December 11, 2013

Walking with Cornerstone – How to engage with customers near your location for success.

Starting this week we are doing a Wednesday series of successes and challenges of social media with our neighbor and key partner Cornerstone Cellars.  It’s one thing to talk about how to do social media but it is another thing to illustrate it through actual stories so every Monday we meet with the Cornerstone team and talk about how social media is working for them and then plan to share the stories with you.  One of the things we love about Cornerstone is that they are the epitome of a small winery truly embracing social media throughout the organization and embracing Michael Brito’s philosophies of a social business.  Because social media is applicable to all components of the business (customer service, PR, sales, business development, marketing, business intelligence, and more) Craig Camp has asked all of his team to use social media as a communication tool just like they use the phone, email, etc.  He also has divided the responsibilities of the functions of social media (one person doing customer service, one person creating content while at events, etc, etc).

A few key facts about Cornerstone:

  • They produce only about 10K cases.
  • They only have 7 full time employees.
  • They do NOT have a full time social media person.
  • Their key staff that manage social media are their CEO, their tasting room manager, their wine club manager, and their regional sales manager.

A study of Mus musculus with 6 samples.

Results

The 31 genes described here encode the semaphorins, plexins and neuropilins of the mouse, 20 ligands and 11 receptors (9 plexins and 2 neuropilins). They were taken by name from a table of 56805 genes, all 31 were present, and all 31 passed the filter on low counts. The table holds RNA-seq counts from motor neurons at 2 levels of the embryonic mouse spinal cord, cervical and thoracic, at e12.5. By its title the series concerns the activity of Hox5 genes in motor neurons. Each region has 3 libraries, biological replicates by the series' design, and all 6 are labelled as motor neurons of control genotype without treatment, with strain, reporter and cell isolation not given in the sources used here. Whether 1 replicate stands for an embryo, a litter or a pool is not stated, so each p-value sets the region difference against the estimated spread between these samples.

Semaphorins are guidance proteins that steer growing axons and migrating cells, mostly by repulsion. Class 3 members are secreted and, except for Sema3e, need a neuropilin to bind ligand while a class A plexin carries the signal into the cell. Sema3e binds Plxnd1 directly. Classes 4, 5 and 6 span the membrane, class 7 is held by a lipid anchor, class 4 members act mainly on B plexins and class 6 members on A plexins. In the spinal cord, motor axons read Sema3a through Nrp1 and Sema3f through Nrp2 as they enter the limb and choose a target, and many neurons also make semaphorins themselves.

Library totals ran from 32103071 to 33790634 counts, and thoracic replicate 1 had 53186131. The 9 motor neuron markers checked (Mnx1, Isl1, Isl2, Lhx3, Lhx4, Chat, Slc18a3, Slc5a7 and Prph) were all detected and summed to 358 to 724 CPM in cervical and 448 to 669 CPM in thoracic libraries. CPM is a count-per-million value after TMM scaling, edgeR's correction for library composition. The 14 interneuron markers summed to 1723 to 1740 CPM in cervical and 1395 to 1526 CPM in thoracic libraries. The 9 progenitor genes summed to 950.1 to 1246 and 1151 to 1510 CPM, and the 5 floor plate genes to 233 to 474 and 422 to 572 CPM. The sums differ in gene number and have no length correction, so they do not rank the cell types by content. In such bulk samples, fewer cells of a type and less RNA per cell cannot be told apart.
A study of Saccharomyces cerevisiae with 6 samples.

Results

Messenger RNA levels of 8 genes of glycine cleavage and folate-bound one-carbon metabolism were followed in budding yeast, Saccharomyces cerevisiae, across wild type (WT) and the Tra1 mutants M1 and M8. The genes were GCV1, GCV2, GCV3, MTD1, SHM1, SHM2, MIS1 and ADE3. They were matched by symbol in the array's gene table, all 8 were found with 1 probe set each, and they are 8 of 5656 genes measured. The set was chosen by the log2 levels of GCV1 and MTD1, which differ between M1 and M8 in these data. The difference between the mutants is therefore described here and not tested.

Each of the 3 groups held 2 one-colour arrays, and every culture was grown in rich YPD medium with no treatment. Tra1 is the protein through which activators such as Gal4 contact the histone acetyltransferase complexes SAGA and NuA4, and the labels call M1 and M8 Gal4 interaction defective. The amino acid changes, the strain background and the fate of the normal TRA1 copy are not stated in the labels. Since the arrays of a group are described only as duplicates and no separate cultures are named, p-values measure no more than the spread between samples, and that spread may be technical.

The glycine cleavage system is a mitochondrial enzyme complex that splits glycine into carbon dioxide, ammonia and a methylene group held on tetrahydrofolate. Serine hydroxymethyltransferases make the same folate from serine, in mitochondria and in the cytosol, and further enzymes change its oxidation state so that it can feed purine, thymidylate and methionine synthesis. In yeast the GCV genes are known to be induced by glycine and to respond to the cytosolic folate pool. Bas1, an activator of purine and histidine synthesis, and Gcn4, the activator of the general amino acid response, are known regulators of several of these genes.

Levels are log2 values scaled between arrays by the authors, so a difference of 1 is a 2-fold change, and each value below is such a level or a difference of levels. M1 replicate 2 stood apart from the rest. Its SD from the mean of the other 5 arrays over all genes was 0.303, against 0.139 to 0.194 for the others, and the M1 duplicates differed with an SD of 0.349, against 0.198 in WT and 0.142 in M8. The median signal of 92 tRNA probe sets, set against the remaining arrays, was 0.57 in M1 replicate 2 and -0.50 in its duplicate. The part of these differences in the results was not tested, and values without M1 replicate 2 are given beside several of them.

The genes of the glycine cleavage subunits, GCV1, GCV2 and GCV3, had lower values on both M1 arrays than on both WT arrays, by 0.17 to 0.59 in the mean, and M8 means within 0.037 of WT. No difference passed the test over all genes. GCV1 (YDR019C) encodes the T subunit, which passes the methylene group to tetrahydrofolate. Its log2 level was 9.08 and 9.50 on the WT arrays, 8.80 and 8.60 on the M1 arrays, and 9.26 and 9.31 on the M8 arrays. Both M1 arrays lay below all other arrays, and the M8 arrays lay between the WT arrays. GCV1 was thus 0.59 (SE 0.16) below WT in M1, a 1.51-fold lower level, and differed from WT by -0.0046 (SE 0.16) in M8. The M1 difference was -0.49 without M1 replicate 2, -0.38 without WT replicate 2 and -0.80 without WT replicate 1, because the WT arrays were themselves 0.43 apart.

This week’s success comes from their tasting room manager, Katrina Kay.

As most people know, Cornerstone uses “geo-fencing” strongly which essentially means they listen to conversations on social media from people around them.  While geo-fencing is one of our premium features, you can listen to individual locations and topics of interest easily through any platform.  Katrina noticed a potential customer almost across the street at Bistro Jeanty and invited him to stop by –

A conversation ensued and the customer did come into the winery and made a sale of four bottles and a great social media shout out by the customer:

In essence this is an amazing story of easy engagement that led to a sale in the slow season of Napa Valley.  Bottom line math: if you get 2 – 20 new customers a day and with the average cart price in Napa Valley you can earn an additional $90K-$900K per year and you differentiate your winery based on better service.


    Great to see the software allows small teams to scale effectively on social media conversations here.

  • kylemue

    Couldn’t agree more. As a Facebook fan of Cornerstone, I can tell you how they dominate this space compared to their competition. They also make fantastic wines, which doesn’t hurt!

  • Cornerstone is one of the very few wineries actually using social media and doing it well. I have been around social media for some time and love the Craig Camp and the gang make me feel like I am always part of the process. One day I will get to visit Cornerstone and get my photo taken…

  • Customer Service is what is keeping us alive in this tough economy. In the retail industry the competition is fierce with all the discount and promotions we have tried to difference ourselves via great customer service and it has paid off.